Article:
Starve the Poor


At a forum in Greeneville on Saturday, Bauer, who is running for governor, told the crowd:

My grandmother was not a highly educated woman, but she told me as a small child to quit feeding stray animals. You know why? Because they breed.

You’re facilitating the problem if you give an animal or a person ample food supply. They will reproduce, especially ones that don’t think too much further than that. And so what you’ve got to do is you’ve got to curtail that type of behavior. They don’t know any better.

In a later interview with the Columbia, S.C. newspaper The State, Bauer “said he could have chosen his words more carefully,” but that doesn’t change the fact that “South Carolina needs to have an honest conversation about the cycle of government dependency among its poorest residents.”

According to the Children’s Defense Fund, those “poorest residents” include 190,000 children. South Carolina is the 37th worst state when it come to child poverty, 45th worst for infant mortality, and 48th worst for low birth weight babies. Perhaps Andre Bauer can have an “honest conversation” with them–if they aren’t too hungry to talk.

Bauer, who has risen in state politics as a Christian conservative, was immediately attacked by his Democratic opponents for the governor’s seat:

“It amazes me how some Republican politicians claim a monopoly on Christianity and then go out and say and do some of the most un-Christian things imaginable,” said Charleston attorney Mullins McLeod, who participated in a candidates forum in Columbia along with Bauer Saturday. “… Bauer’s comments are despicable and the total opposite of the Christian values Bauer espouses.”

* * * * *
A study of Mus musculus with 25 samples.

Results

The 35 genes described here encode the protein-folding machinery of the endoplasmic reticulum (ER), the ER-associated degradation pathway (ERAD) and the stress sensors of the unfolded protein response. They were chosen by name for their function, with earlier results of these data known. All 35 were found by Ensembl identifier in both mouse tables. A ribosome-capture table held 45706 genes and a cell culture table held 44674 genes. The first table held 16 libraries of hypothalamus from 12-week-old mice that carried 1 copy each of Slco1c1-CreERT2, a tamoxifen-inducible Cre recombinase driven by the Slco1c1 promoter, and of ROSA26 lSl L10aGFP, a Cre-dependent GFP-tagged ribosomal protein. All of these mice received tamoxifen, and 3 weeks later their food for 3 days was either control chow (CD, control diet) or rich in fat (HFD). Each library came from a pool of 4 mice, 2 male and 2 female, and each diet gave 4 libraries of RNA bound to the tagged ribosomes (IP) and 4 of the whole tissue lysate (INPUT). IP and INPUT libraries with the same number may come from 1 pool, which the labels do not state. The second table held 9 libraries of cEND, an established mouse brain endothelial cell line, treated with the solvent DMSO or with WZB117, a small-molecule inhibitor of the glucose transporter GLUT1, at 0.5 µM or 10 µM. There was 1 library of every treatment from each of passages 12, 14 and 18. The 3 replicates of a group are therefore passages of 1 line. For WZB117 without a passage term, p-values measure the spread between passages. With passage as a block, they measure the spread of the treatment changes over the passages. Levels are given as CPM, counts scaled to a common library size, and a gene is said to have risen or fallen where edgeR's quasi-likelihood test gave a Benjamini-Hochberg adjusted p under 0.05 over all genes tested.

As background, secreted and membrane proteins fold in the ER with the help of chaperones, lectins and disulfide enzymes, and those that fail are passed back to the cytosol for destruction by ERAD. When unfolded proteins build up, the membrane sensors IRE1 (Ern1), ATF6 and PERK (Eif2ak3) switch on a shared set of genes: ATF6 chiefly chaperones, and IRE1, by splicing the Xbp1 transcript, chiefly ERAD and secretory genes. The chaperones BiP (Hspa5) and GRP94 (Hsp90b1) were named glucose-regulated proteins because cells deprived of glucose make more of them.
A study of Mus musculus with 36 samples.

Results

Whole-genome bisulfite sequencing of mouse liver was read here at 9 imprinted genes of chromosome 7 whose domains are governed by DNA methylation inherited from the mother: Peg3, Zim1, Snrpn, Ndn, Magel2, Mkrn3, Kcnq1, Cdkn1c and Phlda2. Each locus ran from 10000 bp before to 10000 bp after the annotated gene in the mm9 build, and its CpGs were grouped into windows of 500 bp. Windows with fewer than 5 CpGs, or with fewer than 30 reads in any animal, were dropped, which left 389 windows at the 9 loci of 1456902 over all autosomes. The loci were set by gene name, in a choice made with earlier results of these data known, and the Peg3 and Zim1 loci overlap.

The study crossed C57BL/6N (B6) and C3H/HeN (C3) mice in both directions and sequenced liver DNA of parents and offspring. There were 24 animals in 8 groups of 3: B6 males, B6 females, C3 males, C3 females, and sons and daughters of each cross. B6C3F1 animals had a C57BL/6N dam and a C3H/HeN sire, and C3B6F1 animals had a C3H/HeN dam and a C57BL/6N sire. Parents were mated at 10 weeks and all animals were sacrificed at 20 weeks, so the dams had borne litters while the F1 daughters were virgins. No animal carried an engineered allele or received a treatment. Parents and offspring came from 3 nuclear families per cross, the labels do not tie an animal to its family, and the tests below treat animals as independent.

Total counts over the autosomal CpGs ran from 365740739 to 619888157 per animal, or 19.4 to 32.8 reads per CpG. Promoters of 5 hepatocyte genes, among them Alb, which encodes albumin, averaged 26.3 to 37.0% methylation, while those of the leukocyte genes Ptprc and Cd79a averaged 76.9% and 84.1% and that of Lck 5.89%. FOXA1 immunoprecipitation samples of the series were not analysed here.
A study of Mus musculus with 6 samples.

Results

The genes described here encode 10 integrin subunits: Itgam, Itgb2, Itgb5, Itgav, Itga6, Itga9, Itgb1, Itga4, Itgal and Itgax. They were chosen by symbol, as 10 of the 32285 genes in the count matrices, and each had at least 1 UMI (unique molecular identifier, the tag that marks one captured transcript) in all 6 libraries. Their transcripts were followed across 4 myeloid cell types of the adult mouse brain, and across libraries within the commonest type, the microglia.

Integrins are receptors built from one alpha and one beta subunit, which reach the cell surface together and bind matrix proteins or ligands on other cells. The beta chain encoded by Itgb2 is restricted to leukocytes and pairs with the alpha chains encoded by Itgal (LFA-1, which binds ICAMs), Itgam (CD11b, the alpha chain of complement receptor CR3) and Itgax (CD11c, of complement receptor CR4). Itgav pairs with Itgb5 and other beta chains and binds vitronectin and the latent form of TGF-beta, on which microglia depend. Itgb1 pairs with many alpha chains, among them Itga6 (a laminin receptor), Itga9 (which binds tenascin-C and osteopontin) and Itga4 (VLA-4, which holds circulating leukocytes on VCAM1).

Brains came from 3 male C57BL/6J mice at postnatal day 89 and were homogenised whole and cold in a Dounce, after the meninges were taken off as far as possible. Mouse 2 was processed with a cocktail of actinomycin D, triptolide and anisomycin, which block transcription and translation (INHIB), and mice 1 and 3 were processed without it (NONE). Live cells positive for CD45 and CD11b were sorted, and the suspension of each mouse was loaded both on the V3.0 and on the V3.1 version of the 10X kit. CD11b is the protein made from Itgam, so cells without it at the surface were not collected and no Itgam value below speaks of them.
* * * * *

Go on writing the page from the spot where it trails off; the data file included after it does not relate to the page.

Those “Christian values” were much on display back in June of 2009, when Bauer was rumored to be pressuring Mark Sanford to resign after the governor declared his love for his Argentinian girlfriend. (According to state law, Bauer would have replaced him.) Bauer denied the accusations–and at the same time, attacked rumors of another kind. In the week after the Sanford scandal broke, The State reported:

In each interview, Bauer has not called for Sanford’s resignation, saying it’s not his call. But at times, he has subtly turned up the rhetoric.

During an interview Monday, Bauer, who is a bachelor, voluntarily brought up the subject of his sexual orientation, which he said has been the subject of rumors.

Asked, then, if he’s homosexual, Bauer said: “One word, two letters. ‘No.’ Let’s go ahead and dispel that now.

“Is Andre Bauer gay? That is now the story,” he said. “We’re a long way from where we were a week ago.

“We have diverted what the real topic should be here: Is the governor capable for carrying on the duties for which he was elected?”

This post also appears on Unsilent Generation, James Ridgeway’s blog on the politics of aging.


And right now, we need to raise about $400,000 from our online readers over the next two months to hit our annual goal and make good on that mission. Read more about the information war we find ourselves in and how people-powered, independent reporting can and must rise to the challenge—and please support our team's truth-telling journalism with a donation if you can right now.